When you think of Hawaii sports, hockey may not be the first to come to mind, but for the next week some of the best players from all over the world will be going head to head, right here at the AAU inline hockey Junior Olympics.
"We've had many tournaments in the past, but it is by far the biggest tournament we've ever had," said Kapolei Inline Hockey Arena owner Richard Pentecost. "In the past we've had between 30 and 50 teams and the tournaments would only be lasting about four to five days. This one here, called the AAU Junior Olympics, is going to last 12 days with 105 teams."
Those 105 teams traveled everywhere from Austrailia, Taiwan, New Zealand, Columbia, Great Britain, Canada, the Mainland, and from here in Hawaii to the Kiha Arenas in Kapolei. With so many new faces and styles of play to adjust to, the Junior Olympics poses a unique challenge for coaches and players alike.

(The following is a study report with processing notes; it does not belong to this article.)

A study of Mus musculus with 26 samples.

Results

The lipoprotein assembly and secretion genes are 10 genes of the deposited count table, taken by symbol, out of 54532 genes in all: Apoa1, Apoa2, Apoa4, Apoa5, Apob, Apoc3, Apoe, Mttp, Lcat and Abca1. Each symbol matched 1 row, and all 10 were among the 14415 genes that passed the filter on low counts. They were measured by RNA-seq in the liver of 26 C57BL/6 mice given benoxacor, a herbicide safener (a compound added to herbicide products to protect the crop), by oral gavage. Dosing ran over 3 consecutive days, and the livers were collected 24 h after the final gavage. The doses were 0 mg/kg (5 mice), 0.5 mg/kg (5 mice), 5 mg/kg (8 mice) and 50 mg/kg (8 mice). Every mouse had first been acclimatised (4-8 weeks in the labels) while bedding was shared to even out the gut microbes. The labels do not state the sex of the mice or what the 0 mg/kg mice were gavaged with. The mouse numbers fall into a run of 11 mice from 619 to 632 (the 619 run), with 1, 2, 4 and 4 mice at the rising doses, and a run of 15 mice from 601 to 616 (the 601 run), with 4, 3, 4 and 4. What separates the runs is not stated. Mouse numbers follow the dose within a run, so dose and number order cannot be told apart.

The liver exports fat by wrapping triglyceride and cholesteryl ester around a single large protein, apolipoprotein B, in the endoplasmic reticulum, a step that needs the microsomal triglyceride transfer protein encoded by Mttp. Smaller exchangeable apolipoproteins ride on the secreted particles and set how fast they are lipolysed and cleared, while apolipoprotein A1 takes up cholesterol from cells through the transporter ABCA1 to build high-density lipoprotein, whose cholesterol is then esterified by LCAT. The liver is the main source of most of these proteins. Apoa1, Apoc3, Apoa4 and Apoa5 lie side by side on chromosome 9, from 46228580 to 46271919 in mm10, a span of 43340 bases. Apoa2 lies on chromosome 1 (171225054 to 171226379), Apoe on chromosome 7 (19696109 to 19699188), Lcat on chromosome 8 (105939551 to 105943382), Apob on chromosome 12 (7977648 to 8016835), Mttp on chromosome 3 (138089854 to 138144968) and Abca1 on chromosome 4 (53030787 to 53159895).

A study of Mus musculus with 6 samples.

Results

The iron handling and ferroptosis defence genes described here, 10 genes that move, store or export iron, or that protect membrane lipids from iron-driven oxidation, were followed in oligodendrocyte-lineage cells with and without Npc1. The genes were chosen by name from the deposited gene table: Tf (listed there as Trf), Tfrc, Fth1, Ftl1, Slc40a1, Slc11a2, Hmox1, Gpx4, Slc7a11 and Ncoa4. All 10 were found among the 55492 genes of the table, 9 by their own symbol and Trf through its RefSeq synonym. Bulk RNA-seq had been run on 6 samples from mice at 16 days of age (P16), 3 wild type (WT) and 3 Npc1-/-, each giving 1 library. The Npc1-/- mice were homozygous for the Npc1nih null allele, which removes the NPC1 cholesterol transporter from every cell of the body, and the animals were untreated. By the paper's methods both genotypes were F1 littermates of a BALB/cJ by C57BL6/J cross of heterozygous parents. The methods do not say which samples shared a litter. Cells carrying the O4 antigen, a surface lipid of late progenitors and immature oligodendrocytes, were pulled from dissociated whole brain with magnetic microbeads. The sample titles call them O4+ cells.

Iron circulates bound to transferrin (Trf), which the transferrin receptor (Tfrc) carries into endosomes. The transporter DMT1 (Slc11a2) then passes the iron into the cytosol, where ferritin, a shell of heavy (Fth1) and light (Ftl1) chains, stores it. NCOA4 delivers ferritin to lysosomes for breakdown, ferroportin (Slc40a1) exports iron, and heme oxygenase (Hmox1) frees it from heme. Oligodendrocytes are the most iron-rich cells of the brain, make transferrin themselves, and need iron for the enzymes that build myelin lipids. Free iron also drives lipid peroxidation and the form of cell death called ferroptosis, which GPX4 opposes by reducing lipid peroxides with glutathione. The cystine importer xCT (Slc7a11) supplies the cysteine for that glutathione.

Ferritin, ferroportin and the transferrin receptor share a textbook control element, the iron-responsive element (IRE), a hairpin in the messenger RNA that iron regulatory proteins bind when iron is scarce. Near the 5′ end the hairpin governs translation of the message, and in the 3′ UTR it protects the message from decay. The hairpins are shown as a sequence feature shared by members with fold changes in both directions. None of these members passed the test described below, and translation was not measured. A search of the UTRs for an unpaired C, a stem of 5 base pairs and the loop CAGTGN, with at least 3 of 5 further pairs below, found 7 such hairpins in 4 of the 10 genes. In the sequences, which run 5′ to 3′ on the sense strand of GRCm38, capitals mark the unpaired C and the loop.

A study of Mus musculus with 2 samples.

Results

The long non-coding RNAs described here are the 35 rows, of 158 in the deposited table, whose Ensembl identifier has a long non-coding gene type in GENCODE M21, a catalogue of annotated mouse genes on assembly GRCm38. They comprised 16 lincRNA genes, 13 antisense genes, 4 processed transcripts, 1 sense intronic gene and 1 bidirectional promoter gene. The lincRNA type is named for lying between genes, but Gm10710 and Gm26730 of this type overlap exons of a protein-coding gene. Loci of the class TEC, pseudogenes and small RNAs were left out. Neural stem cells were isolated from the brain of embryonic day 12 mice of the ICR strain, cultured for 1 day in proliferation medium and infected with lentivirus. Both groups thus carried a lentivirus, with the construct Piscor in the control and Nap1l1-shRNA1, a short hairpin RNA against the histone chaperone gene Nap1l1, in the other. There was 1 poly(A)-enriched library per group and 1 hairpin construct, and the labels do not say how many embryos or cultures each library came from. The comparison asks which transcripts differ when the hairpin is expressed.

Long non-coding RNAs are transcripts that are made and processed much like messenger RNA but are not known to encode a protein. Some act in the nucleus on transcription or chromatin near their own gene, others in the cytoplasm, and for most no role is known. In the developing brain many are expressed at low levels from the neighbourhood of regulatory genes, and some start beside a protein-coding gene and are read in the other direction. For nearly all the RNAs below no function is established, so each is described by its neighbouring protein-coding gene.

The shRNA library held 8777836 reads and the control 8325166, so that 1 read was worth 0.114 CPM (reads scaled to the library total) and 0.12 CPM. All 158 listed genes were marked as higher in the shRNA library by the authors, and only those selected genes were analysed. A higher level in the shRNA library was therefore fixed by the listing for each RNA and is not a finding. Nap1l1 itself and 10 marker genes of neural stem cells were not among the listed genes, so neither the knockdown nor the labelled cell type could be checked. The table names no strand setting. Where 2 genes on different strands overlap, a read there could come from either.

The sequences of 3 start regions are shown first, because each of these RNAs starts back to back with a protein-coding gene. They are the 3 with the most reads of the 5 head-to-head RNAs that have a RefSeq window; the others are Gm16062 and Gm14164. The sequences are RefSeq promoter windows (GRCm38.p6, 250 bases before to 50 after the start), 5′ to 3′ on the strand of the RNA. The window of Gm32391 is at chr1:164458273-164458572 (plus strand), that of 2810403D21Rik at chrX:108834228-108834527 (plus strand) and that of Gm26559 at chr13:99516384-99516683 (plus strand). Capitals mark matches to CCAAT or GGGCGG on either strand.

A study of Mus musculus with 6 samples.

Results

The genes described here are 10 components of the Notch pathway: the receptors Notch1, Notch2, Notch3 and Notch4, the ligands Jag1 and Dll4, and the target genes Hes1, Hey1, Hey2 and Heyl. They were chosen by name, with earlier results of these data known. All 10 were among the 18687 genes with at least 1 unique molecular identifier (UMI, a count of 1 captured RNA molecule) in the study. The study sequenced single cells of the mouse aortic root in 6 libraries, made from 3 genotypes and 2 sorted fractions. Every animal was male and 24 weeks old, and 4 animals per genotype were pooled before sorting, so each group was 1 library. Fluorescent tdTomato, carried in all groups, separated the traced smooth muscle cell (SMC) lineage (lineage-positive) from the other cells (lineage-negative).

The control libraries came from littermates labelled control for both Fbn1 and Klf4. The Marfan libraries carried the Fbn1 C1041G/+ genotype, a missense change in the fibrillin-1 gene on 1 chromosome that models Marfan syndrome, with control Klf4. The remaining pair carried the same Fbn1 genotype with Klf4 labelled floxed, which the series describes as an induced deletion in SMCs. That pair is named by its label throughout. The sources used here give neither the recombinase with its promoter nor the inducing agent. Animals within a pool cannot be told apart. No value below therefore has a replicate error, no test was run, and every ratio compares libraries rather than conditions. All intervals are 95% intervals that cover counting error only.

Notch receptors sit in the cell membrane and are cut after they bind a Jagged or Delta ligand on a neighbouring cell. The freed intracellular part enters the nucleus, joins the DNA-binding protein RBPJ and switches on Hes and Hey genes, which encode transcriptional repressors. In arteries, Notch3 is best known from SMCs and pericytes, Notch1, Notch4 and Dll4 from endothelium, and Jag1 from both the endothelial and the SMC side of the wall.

"It's always nice to play someone different," said KIHA Hockey Director Jami Yoder. "When you play the same people you kind of settle into the same kind of game plan all the time, so it teaches the kids how to adjust to different plays, different ways to break out, different ways they play."
While only a select few will walk away champions at the Junior Olympics, those who traveled from near and far agree the value of the event goes beyond the rink.
"Coming over here, the experience, just mixing it up with the different countries, friends, aquaintances that they make," said Team Australia parent Lyndal Williams. "The bonding that it creates, that's what's really good for them."